For 20 weeks, the family of Shaimaa Al-Sabbagh has been living in agony and exhaustion, waiting for justice to prevail so that their pain can be relieved. “Today, we accept condolences for our daughter,” said her aunt Safaa on 11 June after the verdict.
Every trial session has been a burden for Safaa, Al-Sabbagh’s older uncle, and cousin Samy, who also raised her as her big brother.
“We are grateful to the president, who said she was like his daughter and he would bring back her right,” Safaa said. “But this is only part of her rights and we will keep fighting for her full rights.”
Yet, the family felt compassion for the family of convicted 24-year-old police officer Yassin Salah. “He is so young and this ruins his future. May God give them patience,” Safaa said in court. But the conviction of the police officer was not all there was in the case to them.
Her cousin Samy revealed that Al-Sabbagh was under state pressure due to her political activism. “Sometimes we would be walking and she would tell me ‘Samy this man has been following me all day’,” he said in an interview with Daily News.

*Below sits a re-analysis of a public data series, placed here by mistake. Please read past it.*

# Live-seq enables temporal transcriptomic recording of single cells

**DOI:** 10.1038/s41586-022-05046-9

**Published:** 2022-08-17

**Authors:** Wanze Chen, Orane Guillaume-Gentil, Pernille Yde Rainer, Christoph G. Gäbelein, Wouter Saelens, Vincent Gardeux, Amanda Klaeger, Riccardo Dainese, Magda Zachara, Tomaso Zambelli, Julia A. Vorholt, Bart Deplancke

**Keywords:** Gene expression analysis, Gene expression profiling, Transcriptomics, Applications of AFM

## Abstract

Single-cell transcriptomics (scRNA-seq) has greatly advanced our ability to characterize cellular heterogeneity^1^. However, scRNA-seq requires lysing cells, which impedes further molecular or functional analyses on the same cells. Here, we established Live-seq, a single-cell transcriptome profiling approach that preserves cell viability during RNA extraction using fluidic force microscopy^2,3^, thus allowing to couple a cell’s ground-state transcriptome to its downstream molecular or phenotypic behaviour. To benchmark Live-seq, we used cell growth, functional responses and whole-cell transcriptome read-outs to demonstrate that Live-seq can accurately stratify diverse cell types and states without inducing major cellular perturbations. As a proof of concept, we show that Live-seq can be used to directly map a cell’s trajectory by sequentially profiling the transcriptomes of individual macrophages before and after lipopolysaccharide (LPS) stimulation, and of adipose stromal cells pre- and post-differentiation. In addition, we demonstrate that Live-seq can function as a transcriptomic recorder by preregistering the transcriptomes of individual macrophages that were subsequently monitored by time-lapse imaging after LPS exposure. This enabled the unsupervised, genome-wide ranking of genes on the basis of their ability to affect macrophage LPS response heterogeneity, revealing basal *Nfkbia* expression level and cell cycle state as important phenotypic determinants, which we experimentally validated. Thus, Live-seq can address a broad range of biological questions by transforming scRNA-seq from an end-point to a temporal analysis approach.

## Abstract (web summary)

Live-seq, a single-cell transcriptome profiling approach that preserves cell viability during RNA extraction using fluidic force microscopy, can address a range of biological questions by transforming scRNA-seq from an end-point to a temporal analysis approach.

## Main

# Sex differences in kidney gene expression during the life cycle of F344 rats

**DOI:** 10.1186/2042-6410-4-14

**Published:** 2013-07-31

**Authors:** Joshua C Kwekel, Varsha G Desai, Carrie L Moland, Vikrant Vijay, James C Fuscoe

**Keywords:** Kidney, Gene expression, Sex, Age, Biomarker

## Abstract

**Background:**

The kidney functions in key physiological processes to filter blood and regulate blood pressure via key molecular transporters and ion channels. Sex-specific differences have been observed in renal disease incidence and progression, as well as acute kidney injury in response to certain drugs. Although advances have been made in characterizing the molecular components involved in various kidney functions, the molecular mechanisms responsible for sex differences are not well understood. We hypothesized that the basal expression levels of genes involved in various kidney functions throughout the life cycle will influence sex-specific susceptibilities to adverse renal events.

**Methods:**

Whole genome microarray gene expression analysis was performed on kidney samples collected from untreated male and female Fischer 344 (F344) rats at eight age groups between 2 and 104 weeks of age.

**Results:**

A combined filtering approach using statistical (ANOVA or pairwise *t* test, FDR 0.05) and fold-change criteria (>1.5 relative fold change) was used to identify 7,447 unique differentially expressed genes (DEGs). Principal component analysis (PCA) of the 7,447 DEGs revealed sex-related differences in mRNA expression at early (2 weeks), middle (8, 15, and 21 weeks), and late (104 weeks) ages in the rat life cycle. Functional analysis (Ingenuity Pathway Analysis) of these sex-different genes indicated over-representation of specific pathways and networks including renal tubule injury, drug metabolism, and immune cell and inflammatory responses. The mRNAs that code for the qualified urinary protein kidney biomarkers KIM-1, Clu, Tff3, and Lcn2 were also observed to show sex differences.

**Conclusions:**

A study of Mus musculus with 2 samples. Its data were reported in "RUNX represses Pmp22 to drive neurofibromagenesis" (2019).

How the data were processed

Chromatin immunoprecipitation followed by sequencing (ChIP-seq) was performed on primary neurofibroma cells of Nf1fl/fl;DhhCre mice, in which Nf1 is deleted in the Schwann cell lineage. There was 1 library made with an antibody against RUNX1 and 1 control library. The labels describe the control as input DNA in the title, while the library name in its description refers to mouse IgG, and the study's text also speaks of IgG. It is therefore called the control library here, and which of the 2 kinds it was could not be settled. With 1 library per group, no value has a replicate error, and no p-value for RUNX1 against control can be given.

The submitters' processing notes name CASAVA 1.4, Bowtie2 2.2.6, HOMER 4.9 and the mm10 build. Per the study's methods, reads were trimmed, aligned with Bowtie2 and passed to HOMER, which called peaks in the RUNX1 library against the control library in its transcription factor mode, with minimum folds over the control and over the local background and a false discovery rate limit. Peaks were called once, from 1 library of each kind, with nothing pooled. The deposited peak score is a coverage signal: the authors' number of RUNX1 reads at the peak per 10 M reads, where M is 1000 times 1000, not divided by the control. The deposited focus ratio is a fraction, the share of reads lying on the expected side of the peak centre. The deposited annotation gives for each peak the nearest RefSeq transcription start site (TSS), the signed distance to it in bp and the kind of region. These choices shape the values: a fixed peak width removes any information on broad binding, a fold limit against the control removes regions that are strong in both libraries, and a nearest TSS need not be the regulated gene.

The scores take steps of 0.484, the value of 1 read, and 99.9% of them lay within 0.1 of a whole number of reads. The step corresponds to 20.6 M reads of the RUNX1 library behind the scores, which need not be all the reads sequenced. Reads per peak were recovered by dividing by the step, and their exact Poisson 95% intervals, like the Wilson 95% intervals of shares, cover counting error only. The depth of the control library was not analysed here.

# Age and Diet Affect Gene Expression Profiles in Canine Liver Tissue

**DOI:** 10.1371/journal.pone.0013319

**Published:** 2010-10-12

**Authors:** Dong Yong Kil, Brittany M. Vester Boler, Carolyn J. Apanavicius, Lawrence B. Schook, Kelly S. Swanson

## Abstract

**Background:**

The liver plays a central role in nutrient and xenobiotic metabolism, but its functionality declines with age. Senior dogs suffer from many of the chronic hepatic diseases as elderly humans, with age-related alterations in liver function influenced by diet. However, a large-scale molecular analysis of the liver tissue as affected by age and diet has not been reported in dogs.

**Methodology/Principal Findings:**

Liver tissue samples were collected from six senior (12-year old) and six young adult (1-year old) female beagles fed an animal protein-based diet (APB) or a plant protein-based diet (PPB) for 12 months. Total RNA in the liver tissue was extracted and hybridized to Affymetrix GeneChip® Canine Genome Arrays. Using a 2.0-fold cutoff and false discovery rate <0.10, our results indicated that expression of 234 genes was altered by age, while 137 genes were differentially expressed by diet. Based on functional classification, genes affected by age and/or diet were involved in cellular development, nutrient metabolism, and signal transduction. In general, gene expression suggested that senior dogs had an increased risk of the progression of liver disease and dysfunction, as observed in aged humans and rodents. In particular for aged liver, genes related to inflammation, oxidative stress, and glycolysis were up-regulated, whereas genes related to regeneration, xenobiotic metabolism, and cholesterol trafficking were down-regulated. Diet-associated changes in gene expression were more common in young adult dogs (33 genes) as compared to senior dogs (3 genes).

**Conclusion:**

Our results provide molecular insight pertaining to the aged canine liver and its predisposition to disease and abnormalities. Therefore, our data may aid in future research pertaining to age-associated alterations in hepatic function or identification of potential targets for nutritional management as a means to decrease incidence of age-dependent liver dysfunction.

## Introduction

“Sometimes she would brag about how she was able to make her ‘followers’ lose her,” he added. Samy said that Al-Sabbagh was directly threatened with the kidnapping of her six-year-old son Belal.
With regret, the family said they had never supported Al-Sabbagh’s activities or views, but they could see how passionate she was about it, saying she believed in it “as if it was a national duty”.
It was only after she passed away and they were swamped with many visits from Al-Sabbagh’s colleagues that they realised that she had accomplished so much in a world they knew nothing about. “We are so proud of her,” they said in tears.
The family was extremely angry at controversial TV host Ahmed Moussa, whom they said defamed Al-Sabbagh and harmed her family, without even knowing who she was. “Did he know that her father was a very respectable and well-positioned Al-Azhar preacher?” said her uncle Samy.
Not only did Al-Sabbagh leave behind a shattered family, but most importantly a young boy who still fails to understand what happened to his mother.
“But she raised him well,” said Safaa. “When he grows up, he wants to become a police officer to fight ‘Daesh’ [Islamic State].”